If you’ve been following the news, you’re aware of unsafe levels of lead found in the water supplies of towns across the U.S. What is so unnerving about lead is that it can’t be detected with any of the human senses. The threat of contamination extends beyond just a home’s water sources by the likes of corroded pipes to other areas such as walls or window sills with old lead-based paint. Luckily, what our senses can’t detect, science and due diligence can.
Here is a round-up of tips and other preventative measures to help keep you and your family safe.
Test your home’s drinking water. The nonprofit organization Healthy Babies Bright Futures is working with Virginia Tech to provide and collect Lead in Water Action Kits for testing. You can also get your local consumer confidence report on epa.gov or call your local water provider by finding the contact information on your water utility bill.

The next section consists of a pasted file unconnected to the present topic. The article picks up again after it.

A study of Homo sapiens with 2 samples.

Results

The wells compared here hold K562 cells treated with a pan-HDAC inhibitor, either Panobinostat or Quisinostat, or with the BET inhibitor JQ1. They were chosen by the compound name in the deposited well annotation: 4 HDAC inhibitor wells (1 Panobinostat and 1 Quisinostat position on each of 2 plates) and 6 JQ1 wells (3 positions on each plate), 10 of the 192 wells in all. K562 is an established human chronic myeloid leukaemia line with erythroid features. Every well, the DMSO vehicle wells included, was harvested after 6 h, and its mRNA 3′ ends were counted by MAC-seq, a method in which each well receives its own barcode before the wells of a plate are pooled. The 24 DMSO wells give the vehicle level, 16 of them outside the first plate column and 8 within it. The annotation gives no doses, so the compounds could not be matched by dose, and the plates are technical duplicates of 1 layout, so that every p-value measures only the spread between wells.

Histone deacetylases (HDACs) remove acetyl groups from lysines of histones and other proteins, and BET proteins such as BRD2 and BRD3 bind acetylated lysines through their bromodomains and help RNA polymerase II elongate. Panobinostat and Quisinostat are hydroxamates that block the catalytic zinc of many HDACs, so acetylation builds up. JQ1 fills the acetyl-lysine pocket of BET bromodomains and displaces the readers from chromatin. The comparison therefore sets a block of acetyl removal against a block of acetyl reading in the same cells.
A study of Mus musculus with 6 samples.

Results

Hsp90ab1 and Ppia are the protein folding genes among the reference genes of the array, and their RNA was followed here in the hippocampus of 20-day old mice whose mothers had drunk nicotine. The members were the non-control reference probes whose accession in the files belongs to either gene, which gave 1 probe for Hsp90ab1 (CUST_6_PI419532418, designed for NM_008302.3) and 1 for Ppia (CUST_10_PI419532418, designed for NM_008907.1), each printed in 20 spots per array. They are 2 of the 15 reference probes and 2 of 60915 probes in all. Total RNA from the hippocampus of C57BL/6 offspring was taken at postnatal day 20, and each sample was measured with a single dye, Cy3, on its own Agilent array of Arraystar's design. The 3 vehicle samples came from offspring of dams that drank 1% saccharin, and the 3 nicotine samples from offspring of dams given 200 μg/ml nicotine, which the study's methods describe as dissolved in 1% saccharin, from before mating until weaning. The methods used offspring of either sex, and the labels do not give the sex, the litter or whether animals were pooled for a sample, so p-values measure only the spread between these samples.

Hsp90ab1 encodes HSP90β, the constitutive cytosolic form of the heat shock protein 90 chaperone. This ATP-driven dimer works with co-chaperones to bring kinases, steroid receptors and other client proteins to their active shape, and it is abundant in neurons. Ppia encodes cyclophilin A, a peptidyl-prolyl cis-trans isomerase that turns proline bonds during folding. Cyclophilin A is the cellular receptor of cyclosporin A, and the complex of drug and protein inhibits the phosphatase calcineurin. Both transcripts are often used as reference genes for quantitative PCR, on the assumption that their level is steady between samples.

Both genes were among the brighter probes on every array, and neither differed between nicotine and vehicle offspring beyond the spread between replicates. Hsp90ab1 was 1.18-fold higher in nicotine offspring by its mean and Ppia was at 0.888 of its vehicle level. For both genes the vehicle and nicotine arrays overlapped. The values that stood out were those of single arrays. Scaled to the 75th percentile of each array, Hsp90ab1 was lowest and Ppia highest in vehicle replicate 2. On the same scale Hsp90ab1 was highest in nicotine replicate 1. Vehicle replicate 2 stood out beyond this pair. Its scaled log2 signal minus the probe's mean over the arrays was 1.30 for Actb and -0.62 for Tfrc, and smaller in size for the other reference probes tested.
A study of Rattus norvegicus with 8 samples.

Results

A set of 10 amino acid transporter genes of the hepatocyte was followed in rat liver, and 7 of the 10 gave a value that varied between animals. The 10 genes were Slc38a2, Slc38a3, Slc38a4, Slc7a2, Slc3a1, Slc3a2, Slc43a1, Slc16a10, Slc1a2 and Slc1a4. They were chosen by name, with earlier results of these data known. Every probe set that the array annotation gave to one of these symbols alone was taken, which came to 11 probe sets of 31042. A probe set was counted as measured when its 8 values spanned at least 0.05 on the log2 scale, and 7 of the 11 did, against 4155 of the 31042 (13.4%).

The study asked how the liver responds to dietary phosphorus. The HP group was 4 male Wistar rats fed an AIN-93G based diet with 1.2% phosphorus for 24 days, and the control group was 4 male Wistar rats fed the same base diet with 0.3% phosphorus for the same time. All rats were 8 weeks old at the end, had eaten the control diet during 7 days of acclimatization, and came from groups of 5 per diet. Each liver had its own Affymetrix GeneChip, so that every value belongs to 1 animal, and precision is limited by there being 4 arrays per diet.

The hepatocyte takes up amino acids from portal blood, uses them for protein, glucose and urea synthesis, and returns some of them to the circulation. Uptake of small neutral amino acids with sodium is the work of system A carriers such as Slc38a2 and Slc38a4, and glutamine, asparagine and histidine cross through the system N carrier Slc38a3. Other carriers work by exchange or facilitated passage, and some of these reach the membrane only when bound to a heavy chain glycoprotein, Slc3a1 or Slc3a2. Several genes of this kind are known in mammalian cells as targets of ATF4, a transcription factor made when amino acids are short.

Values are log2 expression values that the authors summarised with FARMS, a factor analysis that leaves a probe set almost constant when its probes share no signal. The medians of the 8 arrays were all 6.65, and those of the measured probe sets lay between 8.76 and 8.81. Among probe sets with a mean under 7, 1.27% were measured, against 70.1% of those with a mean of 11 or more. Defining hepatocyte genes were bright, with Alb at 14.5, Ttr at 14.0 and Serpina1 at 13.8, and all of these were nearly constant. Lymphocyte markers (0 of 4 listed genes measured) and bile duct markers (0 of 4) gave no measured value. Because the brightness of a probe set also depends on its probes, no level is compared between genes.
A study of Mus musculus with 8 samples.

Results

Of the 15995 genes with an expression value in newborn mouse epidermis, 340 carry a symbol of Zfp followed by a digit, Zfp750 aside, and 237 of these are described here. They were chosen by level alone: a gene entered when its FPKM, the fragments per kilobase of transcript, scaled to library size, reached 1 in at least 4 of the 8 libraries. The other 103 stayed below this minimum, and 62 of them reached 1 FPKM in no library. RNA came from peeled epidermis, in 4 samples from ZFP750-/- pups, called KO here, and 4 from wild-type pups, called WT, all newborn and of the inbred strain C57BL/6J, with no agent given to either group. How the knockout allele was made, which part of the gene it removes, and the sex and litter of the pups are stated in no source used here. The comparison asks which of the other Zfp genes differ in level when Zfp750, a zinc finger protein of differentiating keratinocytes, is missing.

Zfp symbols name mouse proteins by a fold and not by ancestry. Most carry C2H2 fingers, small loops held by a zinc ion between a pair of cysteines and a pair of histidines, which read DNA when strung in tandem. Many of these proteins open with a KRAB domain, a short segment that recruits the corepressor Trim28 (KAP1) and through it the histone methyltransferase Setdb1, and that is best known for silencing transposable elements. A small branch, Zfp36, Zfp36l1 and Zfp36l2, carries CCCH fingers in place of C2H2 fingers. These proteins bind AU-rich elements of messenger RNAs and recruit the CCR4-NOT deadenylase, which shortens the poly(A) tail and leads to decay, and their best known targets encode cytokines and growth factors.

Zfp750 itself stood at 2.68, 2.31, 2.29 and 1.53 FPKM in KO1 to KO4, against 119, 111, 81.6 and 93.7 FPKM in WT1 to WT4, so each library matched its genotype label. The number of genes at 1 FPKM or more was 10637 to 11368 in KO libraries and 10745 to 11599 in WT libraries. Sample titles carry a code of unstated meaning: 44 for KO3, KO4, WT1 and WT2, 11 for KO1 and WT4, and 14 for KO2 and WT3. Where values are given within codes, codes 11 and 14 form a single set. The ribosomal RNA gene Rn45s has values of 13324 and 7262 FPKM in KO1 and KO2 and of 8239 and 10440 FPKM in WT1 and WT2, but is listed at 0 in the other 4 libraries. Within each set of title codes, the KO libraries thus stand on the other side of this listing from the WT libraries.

Test your home for lead-based paint. If you live in a house that was built before 1978 (the year lead-based paint was banned), you should conduct a test to find out for sure. The Environmental Protection Agency recommends three lead test kits that you can purchase to perform a self-test on the paint in your home.
Know how to prevent and protect. The Centers for Disease Control and Prevention has helpful resources for you, including this list of questions and answers about lead-contaminated water. The CDC also offers a list of preventative tips to follow if you do live in or visit a house that was built before 1978, unless tests show otherwise.
Lead can also impact the workplace. If you’re a business owner and have questions about how to ensure your employees’ safety, the Occupational Safety & Health Administration can help. OSHA offers free on-site consultations, separate from inspections, for small business owners.